How to break the gender bias

At the death of my grandmother, I inherited her house which my father built for her. My inherited house is part of our ancestral homestead. I have deep roots on our ancestral land. Yes, scary for whoever thinks of uprooting me from our ancestral land.

My Alinga Farms is located on about four acres of land that is held under customary tenure. It is my father’s land at Kadoki Village in Pallisa District in Eastern Uganda; land which he inherited from his father. The land that Alinga Farms occupies surrounds my father’s ancestral home, our family home; and it is on this land where my house, which I inherited from my grandmother, is located.

Culturally, as a female member of our family – a powerful one at that, who is continuing the legacy of the matriarch Alinga – I am allowed access to customary land, as long as the leader of our family, my father, gives access to it.

Yes, some might think it a huge risk to invest on land for which you do not have clear ownership. It is indeed a huge risk. I am comforted, however, that as long as my father is still alive, I am safe; I am his daughter and am culturally his mother, after all. I am also hopeful that because of Alinga Farms’ significant social impact, the heir to my father’s land will continue to respect my access to the land – the use-rights that my father has given to me, in accordance with Iteso customary tenure.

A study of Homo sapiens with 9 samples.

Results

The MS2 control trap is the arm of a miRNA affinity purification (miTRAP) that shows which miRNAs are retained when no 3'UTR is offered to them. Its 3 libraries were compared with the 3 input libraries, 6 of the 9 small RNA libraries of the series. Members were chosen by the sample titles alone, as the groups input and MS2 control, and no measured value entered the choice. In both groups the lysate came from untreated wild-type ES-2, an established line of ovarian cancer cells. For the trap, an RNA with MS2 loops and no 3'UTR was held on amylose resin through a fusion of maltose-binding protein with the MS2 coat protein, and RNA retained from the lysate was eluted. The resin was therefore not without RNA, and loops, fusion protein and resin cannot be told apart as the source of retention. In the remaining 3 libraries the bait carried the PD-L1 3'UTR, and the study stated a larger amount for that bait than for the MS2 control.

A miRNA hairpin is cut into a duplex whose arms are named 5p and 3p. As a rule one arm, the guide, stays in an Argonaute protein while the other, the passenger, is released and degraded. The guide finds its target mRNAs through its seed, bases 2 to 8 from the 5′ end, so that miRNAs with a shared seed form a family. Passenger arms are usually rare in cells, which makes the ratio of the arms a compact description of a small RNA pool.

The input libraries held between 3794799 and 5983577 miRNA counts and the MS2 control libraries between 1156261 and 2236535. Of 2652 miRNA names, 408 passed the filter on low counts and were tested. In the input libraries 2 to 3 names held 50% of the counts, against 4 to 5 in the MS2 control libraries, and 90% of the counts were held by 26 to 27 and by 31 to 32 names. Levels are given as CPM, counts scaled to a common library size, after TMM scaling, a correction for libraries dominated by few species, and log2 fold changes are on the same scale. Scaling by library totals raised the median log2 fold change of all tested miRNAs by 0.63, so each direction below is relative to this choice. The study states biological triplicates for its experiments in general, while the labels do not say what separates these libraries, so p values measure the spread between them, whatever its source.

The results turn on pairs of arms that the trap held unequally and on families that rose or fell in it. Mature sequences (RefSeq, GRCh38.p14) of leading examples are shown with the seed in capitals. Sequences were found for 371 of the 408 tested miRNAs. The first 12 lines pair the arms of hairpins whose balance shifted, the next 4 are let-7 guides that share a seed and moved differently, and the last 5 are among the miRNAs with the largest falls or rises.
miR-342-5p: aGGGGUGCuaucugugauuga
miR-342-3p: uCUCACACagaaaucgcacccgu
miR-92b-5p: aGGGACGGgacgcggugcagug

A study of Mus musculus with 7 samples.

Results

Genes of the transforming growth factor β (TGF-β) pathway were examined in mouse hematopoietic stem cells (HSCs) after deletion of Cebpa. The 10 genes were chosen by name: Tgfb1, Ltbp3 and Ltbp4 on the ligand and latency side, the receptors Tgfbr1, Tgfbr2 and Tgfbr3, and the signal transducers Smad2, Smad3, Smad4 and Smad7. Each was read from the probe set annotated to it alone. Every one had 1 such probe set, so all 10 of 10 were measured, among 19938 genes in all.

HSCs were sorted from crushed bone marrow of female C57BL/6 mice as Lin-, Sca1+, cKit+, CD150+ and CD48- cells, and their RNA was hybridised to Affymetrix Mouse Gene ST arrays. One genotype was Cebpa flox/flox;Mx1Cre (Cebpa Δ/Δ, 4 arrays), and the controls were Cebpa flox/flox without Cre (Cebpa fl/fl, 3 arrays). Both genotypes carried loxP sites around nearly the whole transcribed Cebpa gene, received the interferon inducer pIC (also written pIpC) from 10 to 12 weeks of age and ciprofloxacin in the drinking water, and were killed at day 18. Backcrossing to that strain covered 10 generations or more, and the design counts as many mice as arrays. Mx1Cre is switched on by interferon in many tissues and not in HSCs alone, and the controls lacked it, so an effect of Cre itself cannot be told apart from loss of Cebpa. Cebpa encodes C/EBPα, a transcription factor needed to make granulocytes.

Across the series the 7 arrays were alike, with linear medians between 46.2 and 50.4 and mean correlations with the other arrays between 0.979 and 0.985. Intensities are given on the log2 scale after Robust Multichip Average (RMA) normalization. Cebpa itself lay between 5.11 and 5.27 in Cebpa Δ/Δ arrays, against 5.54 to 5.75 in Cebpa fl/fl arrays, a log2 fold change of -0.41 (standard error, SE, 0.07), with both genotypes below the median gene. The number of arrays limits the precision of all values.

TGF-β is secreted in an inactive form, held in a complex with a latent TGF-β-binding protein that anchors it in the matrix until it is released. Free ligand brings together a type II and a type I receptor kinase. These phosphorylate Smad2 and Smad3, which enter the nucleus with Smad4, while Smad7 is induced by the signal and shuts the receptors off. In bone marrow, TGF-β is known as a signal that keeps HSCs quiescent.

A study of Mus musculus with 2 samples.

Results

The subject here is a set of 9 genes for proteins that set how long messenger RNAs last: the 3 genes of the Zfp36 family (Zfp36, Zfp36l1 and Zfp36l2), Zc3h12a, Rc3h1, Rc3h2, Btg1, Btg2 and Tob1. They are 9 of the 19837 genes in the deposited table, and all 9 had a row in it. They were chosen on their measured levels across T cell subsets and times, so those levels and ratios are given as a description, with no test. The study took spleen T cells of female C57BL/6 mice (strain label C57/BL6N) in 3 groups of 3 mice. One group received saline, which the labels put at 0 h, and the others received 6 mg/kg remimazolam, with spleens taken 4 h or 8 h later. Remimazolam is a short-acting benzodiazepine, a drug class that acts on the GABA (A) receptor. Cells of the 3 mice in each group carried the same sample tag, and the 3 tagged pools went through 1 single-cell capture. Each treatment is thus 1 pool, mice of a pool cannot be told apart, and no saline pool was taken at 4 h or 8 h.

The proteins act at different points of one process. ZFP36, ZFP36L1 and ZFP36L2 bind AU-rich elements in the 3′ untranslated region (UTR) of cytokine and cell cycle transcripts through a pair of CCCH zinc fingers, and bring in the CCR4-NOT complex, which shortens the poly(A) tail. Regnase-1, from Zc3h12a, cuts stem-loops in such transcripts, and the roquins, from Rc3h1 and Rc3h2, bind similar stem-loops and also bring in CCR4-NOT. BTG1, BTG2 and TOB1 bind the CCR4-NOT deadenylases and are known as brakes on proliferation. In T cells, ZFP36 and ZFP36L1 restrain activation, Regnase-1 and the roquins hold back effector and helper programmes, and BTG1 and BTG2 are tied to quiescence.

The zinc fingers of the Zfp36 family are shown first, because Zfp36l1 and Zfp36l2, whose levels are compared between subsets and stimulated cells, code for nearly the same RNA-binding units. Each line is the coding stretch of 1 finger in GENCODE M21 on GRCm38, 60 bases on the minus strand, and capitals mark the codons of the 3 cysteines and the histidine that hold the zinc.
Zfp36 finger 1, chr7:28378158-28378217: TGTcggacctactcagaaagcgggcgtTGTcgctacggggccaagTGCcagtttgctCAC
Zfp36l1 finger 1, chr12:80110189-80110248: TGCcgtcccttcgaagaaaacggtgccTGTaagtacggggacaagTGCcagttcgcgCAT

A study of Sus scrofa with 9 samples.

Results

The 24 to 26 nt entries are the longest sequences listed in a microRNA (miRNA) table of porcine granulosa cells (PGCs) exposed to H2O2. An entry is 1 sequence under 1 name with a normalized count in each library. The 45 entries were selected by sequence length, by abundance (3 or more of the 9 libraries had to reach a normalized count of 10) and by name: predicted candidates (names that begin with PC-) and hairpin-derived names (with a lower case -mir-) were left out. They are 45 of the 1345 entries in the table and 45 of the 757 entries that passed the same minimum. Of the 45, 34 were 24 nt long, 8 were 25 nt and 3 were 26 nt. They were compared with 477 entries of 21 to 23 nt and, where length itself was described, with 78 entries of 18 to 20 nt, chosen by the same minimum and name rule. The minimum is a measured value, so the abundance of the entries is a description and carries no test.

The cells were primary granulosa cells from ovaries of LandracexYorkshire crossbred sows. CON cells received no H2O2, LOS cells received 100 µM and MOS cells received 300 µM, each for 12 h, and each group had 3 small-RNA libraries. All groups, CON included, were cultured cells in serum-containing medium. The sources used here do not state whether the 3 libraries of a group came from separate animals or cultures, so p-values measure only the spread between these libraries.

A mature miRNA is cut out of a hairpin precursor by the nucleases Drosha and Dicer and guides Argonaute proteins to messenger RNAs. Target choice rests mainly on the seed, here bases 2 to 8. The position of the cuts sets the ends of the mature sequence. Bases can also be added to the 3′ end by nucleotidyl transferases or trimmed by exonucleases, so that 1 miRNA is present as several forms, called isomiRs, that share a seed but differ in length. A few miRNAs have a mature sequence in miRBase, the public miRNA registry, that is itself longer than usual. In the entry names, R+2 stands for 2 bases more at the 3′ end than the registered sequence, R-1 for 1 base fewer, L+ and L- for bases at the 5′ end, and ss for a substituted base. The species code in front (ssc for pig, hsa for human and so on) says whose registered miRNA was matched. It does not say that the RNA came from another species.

Just in case, let me clarify that I am in no way using this event to attempt to influence my father’s last will. I pray for longevity of life for him and for all my family members. I pray that his heirs remain Iteso who are culturally rooted and appreciative of the Iteso philosophy – emuria koliai – and that they will not attempt to uproot me from our family customary land.

This is the text of my TEDx Kiira Talk which I gave in May 2015. Read more here

Well, in November of 2020, my father, Ejakait Engineer George William Obityo Owaraga, rested. The jury is out about how his descendants are respecting his wishes or not. Yes, attempts to disinherit me are in full gear, as I also fight back in full force, with all that I got. Of course, I am baffled at how those who are paid using my taxes to ensure my peaceful enjoyment of my inheritance are siding with the criminals. But still I fight for what is mine.

It is those land-grabbers, those criminals, who are the problem. Get rid of them and all will be well. It is they that we should name and shame. And mark my words, a time shall come when I shall name and shame them all.